Gutters keep rain water from your roof...
You definitely should have gutters any place where water will be pouring down from the roof on top of people, obviously.
The end of a gabled roof does not slope down, so it does not require gutters at the end of each section of the roof.
A hip roof ends with a slope, which you may or may not wish to gutter.
Judy's house has gables on the front and hips on the sides. We had only specified gutters over the front porch and back deck, but the builder (Jim Buss) had the gutters in the back run the entire width of the house and in front; he also brought the gutter up the side of the garage (facing the front yard) to protect vegetation.
The ground on the left and right sides of Judy's house slope away from the house, so drainage of rain from the roof should not be a problem despite those areas not having gutters, and she will not have the headaches of keeping unnecessary gutters clean.
To see different types of solutions, Google for gutter guards. There are basically two types of guards: a screen or mesh, and a "helmet". The latter is pretty expensive.
We have had a screen like the one below for over 8.5 years with no problems:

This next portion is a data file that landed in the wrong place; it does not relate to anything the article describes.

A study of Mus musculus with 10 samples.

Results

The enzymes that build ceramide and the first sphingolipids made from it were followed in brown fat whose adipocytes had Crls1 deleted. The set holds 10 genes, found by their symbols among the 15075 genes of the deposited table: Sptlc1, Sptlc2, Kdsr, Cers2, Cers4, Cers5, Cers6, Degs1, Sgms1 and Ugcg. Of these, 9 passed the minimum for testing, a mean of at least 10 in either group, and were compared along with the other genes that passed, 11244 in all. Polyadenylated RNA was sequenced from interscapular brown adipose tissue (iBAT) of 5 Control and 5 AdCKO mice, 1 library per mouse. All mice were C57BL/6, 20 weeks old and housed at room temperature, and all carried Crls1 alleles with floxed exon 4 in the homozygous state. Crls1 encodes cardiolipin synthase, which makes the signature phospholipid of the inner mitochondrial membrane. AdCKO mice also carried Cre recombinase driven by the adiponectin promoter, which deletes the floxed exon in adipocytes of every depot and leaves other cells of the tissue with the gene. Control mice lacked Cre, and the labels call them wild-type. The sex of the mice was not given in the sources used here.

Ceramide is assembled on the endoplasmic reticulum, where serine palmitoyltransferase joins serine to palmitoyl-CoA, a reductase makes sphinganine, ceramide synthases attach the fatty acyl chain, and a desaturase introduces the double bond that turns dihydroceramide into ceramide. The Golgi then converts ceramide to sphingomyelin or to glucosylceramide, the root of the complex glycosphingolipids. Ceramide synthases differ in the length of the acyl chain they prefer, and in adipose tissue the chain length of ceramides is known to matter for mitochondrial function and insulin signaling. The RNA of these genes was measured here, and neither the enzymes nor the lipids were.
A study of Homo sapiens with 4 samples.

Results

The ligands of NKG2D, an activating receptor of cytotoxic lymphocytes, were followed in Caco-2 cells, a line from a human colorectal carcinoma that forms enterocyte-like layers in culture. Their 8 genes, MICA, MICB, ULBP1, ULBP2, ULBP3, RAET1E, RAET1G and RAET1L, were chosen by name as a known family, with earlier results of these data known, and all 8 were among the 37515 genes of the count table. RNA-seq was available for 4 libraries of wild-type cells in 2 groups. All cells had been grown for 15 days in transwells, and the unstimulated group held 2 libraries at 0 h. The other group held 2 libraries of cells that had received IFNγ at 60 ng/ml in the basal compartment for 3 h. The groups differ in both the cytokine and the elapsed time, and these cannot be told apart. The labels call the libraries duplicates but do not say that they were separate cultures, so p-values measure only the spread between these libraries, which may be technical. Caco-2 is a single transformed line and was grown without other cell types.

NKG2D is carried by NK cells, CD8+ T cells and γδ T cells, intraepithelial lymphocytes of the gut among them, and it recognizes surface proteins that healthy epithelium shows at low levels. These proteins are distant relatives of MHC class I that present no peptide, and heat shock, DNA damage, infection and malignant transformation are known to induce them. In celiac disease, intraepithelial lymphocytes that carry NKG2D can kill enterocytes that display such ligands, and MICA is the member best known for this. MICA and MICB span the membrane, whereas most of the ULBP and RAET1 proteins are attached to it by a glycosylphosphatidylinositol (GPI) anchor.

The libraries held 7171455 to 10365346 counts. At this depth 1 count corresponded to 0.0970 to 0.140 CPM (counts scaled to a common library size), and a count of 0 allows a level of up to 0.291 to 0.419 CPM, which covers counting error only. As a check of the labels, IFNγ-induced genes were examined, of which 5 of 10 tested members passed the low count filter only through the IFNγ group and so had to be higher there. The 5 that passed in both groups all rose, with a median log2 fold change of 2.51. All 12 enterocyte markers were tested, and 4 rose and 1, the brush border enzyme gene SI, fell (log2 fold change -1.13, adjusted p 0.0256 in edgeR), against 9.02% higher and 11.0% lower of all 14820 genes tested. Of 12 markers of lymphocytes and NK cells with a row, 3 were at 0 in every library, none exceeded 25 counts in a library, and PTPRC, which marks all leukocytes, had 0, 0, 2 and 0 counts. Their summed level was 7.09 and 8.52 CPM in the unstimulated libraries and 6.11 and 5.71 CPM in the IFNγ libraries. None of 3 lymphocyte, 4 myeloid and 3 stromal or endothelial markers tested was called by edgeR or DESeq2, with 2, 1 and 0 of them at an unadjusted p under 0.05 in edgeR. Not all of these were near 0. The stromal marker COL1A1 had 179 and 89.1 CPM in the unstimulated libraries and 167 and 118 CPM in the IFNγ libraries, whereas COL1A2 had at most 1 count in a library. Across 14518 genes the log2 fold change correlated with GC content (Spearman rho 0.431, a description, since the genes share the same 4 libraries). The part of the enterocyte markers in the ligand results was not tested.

In 2008 when we last looked, Home Depot was selling this cheap plastic mesh by Amerimax:
despite the fact that customers gave it a terrible rating, reporting that the small holes clogged and the whole thing just fell apart in short order.
An alternative to gutters is something which breaks up the water flowing off the roof into drops. Google for more information or visit www.rainhandler.com
Manufacturers of such replacements claim that snow and leaves will not
accumulate on them. Even if they do, such things should be easier to
clear off. Accessories are available to divert the water away from entry
ways. The only major drawback I can see is that there is no way to move
the water away from the foundation as you can with gutters.